One of the best things about vaping when you’re starting out is the wealth of choices available to you when it comes to how your vape will taste. Deciding on which vape juices you might choose with the many variations and colours around is fun for many and is comparable to being a child in a sweet shop. There are concerns however that vape juices may be appealing to the wrong audience. Well that’s the new concern being put forward by Public Health Wales who are worried that sweet e-liquids are enticing to children and should be banned. They are calling for there to be restrictions on e-cigarette advertisements in the media and for there to be a vaping ban in and around schools. The reasons for the worries stem from the idea that vaping can act as a gateway to smoking a controversial that has gained much media coverage, often without much in the way of evidence to back the claim up. There have been studies done by people who are opposed to e-cigarettes who claimed that vapers are very likely to pick up a smoking habit a year later. As well as those claims there are others that suggest e-cigarettes could cause diseases in the next ten to twenty years as a result of the ingredients used. With public opinion divided and the general public seemingly not coming to a consensus, it’s easy to see how misinformation can spread like wildfire, creating a lack of faith in the public.
E-cigarettes Are Not advertised For Children Though?
In 2016 The Tobacco Products Directive announced new laws which changed the vaping industry. Decreased nicotine strength, smaller refill containers and child proof packages are just some of the new laws put in place to discourage youngsters from starting and keep people using safe amounts. Since the e-cigarette industry exploded, more and more teenagers are trying out vaping and it is predicted that e-cigarettes are other vaping products will outsell cigarettes by the end of 2023. Though they are not explicitly advertised to teenagers they are finding the idea of vaping alluring and this is something that has caused concern for many people. But are those who oppose vaping really warranted to be so concerned about teenagers using e-cigarettes? Isn’t it much safer than smoking tobacco and potentially getting tobacco related diseases and ultimately death? Why is vaping not touted for what it is: A healthy alternative to smoking? Of course e-cigarettes should invariably be regulated and not advertised to young people. Steps should and must be taken to ensure that the young are protected and not exposed to anything harmful. But there are far more harmful substances in alcohol and tobacco than there are in e-cigarettes. Never-the-less while nicotine is not a cancer-causing substance, it is still addictive and is not recommended as a safe product for young people to consume.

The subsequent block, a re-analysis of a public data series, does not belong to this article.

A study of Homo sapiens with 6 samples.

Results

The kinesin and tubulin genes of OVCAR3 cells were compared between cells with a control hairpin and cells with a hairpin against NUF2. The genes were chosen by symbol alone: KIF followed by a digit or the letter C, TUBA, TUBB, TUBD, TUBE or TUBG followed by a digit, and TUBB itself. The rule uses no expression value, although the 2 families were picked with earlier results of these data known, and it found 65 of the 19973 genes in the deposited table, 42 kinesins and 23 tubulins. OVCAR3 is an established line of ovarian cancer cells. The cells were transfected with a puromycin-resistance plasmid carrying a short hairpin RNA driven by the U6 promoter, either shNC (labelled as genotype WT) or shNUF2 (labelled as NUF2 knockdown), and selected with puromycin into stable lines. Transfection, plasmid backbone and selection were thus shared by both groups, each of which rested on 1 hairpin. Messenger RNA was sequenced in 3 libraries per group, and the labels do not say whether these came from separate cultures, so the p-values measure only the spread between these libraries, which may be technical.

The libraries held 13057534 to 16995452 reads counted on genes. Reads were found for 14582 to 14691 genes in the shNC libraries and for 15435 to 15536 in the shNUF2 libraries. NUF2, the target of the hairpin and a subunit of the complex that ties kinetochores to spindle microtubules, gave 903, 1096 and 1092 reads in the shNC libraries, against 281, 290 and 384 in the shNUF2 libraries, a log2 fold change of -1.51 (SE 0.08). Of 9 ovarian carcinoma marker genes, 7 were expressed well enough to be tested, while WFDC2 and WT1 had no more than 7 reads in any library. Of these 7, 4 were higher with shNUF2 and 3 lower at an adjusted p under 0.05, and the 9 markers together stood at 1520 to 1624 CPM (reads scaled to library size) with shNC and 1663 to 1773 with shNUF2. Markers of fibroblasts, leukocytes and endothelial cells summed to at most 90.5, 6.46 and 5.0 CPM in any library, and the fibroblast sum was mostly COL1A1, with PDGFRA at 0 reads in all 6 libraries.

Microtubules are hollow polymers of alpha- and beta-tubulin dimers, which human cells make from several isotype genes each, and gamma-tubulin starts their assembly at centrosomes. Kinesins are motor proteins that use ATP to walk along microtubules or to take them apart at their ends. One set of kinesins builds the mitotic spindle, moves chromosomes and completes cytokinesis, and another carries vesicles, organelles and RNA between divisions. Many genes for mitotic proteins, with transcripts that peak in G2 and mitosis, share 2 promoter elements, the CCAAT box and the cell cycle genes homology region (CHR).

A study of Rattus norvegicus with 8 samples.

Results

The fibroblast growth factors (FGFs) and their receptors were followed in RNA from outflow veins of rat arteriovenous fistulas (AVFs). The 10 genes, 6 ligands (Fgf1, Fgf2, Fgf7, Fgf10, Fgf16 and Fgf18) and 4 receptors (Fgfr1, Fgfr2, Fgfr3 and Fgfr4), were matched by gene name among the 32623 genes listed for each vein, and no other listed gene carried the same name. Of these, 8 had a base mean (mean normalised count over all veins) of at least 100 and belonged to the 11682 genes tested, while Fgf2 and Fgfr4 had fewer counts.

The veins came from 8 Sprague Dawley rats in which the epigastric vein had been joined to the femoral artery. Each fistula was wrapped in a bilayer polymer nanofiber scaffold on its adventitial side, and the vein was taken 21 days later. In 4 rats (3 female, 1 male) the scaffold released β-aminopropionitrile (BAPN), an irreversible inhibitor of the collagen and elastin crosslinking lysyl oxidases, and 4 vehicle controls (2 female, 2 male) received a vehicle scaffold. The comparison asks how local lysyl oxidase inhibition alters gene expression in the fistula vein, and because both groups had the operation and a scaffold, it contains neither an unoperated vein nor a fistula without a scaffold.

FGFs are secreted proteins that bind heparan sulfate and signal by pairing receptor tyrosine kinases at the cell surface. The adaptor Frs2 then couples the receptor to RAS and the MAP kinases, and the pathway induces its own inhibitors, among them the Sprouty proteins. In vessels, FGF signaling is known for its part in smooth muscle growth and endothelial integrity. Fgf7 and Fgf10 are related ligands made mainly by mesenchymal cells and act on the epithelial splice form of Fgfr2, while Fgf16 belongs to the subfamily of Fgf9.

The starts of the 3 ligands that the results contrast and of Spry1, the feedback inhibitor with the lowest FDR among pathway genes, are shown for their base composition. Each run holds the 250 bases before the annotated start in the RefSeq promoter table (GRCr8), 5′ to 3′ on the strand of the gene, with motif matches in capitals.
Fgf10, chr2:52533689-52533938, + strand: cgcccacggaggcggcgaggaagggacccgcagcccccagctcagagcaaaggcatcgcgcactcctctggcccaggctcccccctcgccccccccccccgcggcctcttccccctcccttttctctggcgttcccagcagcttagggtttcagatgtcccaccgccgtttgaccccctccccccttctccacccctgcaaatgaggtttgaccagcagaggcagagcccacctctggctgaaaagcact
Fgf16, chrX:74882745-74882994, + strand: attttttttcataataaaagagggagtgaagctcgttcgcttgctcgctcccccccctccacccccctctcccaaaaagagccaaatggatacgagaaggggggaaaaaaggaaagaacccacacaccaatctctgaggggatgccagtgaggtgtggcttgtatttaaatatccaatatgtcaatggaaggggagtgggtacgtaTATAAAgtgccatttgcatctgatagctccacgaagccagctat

Taking The Correct Precautions
Another problem with potentially banning e-juices is the knock on effect this must have on other adult substances. E-juices are not marketed or advertised for children just like alcohol and rum laced chocolates are not either. However these products are not banned or forced out of advertisement! Should we ban all products that aren’t suitable for children because they ‘might’ be tempted to experiment? This doesn’t make any sense. Surely it should be up to vaping manufactures to make sure their products are child proof and inaccessible to children. Vape shops should aid this progress by not selling any vaping products or e-cigarettes to anyone under 18. Strict laws and regulations regarding the sale and distribution of these products will go a long way in ensuring the safety of children and young people.
It is simply not feasible to ban all e-liquids because they are unwittingly enticing children and young people. A more realistic approach would be to make sure they are being advertised appropriately to the correct age audience, and out of reach from shop shelves, and this may mean vape shops introducing I.D restrictions on their products. As always it is about allowing adults to buy whatever vaping products they want to have an enjoyable experience, whilst protecting young people by enforcing reasonable measures.